About 1,250 workers to benefit from new training council by Shell and local employees’ union
SINGAPORE: Oil giant Shell has partnered with the Singapore Shell Employees’ Union (SSEU) to set up a council to train and upskill about 1,250 workers, in line with the company’s 10-year plan to cut its own carbon emissions in Singapore by about a third.
The Joint Capability Council (JCC), which comprises management representatives from both groups, aims to address training gaps in existing programmes and help equip workers with relevant skills, Shell and SSEU said in a joint release on Monday (Nov 30).
“This initiative, amongst others, will complement Shell’s digitalisation efforts in pivoting its manufacturing business into new, low-carbon value chains,” said the release.
About 1,250 workers from across all businesses in Shell will benefit from the training plans to create a workforce that will remain “resilient” through the company’s transformation, said the release. Shell has more than 3,100 workers in Singapore.
The company had said earlier this month that its strategic shift towards a low-carbon future will involve reducing headcount in its workforce at the Pulau Bukom refinery site from 1,300 to 800 by the end of 2023.
The announcement comes after parent company Royal Dutch Shell pledged to become carbon neutral by 2050.
On Monday, Shell and SSEU said that under the JCC, they will develop courses for workers in areas such as adaptive skills, digital literacy and data analytics.
The training programmes will be offered to more than 500 process and maintenance technicians in the first phase of the initiative.
Shell and SSEU committed to the move with the signing of a Memorandum of Understanding, which was witnessed by Foreign Affairs Minister Vivian Balakrishnan, who is also an advisor to the union.
THE RIGHT CIRCUMSTANCES
Pointing to Shell’s history of more than a century in Singapore, Dr Balakrishnan said the “early phase of the oil age” and “the right circumstances made all the difference to the trajectory and longevity of the company in Singapore".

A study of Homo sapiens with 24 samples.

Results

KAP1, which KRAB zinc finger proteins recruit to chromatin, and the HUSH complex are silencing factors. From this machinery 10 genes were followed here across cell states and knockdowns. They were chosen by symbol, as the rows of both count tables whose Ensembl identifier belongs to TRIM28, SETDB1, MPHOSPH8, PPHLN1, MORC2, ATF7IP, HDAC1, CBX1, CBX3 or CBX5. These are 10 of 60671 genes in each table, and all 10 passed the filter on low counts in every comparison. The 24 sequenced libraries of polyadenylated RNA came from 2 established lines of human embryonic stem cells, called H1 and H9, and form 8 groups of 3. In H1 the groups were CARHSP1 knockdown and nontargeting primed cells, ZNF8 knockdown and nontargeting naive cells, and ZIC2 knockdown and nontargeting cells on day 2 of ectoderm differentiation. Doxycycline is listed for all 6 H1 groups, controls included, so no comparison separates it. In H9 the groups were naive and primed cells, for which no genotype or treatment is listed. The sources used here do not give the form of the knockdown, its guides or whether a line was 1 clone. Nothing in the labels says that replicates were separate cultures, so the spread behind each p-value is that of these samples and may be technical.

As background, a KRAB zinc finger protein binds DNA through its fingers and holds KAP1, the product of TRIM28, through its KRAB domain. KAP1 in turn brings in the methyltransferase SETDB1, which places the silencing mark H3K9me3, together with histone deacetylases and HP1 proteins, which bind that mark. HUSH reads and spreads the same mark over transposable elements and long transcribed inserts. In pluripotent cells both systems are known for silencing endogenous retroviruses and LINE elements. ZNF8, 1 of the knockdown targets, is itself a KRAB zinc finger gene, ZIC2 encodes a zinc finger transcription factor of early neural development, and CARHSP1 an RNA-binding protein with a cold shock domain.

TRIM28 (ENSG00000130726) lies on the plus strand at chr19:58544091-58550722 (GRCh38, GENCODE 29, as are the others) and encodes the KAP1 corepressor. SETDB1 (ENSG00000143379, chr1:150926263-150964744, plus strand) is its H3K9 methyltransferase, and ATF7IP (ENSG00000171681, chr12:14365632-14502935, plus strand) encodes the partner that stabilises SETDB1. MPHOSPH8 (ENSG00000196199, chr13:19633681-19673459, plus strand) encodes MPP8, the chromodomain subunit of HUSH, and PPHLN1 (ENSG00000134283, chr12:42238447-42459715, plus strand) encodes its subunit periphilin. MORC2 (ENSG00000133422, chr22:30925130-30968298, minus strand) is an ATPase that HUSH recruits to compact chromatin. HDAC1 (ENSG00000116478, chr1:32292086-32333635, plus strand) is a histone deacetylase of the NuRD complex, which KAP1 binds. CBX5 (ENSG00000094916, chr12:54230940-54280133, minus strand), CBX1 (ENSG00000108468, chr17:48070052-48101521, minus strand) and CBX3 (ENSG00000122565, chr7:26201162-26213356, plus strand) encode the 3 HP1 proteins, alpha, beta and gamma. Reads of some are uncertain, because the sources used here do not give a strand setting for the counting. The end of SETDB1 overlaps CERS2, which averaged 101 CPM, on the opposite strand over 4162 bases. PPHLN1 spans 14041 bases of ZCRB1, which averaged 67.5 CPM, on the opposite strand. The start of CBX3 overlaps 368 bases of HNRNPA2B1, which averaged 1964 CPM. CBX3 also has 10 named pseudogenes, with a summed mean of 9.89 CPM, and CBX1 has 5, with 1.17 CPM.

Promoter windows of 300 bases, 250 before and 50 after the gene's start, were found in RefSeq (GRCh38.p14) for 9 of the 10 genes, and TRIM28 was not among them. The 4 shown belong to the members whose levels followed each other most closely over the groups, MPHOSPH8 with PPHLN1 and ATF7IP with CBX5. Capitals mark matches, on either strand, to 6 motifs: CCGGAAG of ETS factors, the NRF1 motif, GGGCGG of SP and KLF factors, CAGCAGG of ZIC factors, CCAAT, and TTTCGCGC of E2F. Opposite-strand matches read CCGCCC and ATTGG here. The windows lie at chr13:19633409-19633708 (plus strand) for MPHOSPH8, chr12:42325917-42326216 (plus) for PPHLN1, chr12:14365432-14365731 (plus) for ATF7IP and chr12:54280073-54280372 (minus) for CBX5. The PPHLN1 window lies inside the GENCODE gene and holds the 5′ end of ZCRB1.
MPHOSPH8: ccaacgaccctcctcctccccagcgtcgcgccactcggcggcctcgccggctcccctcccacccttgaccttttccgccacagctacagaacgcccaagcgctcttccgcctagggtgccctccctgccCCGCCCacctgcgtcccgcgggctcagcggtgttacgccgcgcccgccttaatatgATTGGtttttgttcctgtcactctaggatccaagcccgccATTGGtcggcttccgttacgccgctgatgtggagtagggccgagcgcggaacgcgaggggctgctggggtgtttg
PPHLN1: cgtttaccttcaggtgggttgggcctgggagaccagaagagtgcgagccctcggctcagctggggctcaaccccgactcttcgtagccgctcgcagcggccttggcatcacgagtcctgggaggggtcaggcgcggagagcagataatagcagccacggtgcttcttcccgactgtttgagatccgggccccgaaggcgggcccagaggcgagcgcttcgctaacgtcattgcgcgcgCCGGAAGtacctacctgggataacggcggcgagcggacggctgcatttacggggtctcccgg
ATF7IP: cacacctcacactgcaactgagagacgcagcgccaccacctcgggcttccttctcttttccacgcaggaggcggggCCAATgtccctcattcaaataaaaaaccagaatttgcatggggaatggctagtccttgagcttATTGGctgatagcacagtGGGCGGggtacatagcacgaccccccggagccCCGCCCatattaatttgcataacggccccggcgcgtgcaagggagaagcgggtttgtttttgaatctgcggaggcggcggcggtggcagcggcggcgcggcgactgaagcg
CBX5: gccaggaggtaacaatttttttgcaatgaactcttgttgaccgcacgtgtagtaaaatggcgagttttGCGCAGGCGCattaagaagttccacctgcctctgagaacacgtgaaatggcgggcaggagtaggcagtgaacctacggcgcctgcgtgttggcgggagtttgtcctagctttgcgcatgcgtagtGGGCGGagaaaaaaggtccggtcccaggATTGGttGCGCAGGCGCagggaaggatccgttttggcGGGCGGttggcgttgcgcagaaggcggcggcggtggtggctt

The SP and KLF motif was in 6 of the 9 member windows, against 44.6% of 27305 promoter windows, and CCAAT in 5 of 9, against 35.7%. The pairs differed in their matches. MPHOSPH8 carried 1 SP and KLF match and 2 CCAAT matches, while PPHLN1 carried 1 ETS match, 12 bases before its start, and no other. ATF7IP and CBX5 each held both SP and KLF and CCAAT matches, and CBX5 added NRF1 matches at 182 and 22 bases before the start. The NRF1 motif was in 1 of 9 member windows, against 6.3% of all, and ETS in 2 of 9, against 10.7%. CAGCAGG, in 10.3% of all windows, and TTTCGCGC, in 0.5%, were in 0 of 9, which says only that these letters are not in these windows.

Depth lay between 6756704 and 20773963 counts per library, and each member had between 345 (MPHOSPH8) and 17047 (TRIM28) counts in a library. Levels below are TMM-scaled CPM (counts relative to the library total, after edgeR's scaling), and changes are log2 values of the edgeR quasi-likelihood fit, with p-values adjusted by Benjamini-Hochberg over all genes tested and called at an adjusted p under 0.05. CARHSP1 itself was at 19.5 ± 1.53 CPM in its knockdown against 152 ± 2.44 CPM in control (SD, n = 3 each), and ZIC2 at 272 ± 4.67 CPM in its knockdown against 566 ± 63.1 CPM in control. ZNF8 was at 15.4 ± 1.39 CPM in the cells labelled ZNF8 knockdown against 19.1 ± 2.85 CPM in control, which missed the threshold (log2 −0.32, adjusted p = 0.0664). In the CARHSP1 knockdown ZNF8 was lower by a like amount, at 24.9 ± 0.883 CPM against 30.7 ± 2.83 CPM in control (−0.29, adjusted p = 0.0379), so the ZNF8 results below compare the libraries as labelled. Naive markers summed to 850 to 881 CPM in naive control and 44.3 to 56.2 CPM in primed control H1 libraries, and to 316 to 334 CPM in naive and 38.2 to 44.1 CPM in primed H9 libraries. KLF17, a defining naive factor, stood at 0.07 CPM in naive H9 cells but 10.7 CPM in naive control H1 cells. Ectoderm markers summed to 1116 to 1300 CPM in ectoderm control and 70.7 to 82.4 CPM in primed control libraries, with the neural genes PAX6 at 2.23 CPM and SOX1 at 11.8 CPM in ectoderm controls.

“We are now at another turning point and energy sources, transportation, connectivity communication, planning are all being transformed,” said Dr Balakrishnan during a tour of Shell's Pulau Bukom site.
“If we don't again position ourselves at the right time, right place, (with the) right workforce, right skills, we are going to miss out on the revolution that’s occurring in front of our eyes,” he added.
The chairman of Shell Companies in Singapore Aw Kah Peng also said that competition will continue to intensify, even as the firm embarks on efforts to transform itself.
“There will be and are already newer, leaner, more efficient plants coming onstream. We also see digital technologies that continue to change and impact businesses,” she said.
“What will truly enable us to reach our fullest potential is how we are transforming ourselves,” she added, citing the need for a “learner’s mindset”.
National Trades Union Congress (NTUC) secretary-general Ng Chee Meng, who accompanied Dr Balakrishnan on the tour of Shell’s premises, said that the JCC will enable workers to have “a formal structure to enable continuous learning to future-proof themselves.”
Mr Ng added that the council will make a “real difference in enhancing” employees’ job security and help them secure “better work prospects in the medium to long-term”.
SSEU general secretary Munirman Abdul Manaf agreed, saying that new skills will “hopefully also lessen the (stress on workers)” if they end up having to look for new jobs.
He added that the union will continue to work closely with management to spur training efforts and help workers remain gainfully employed.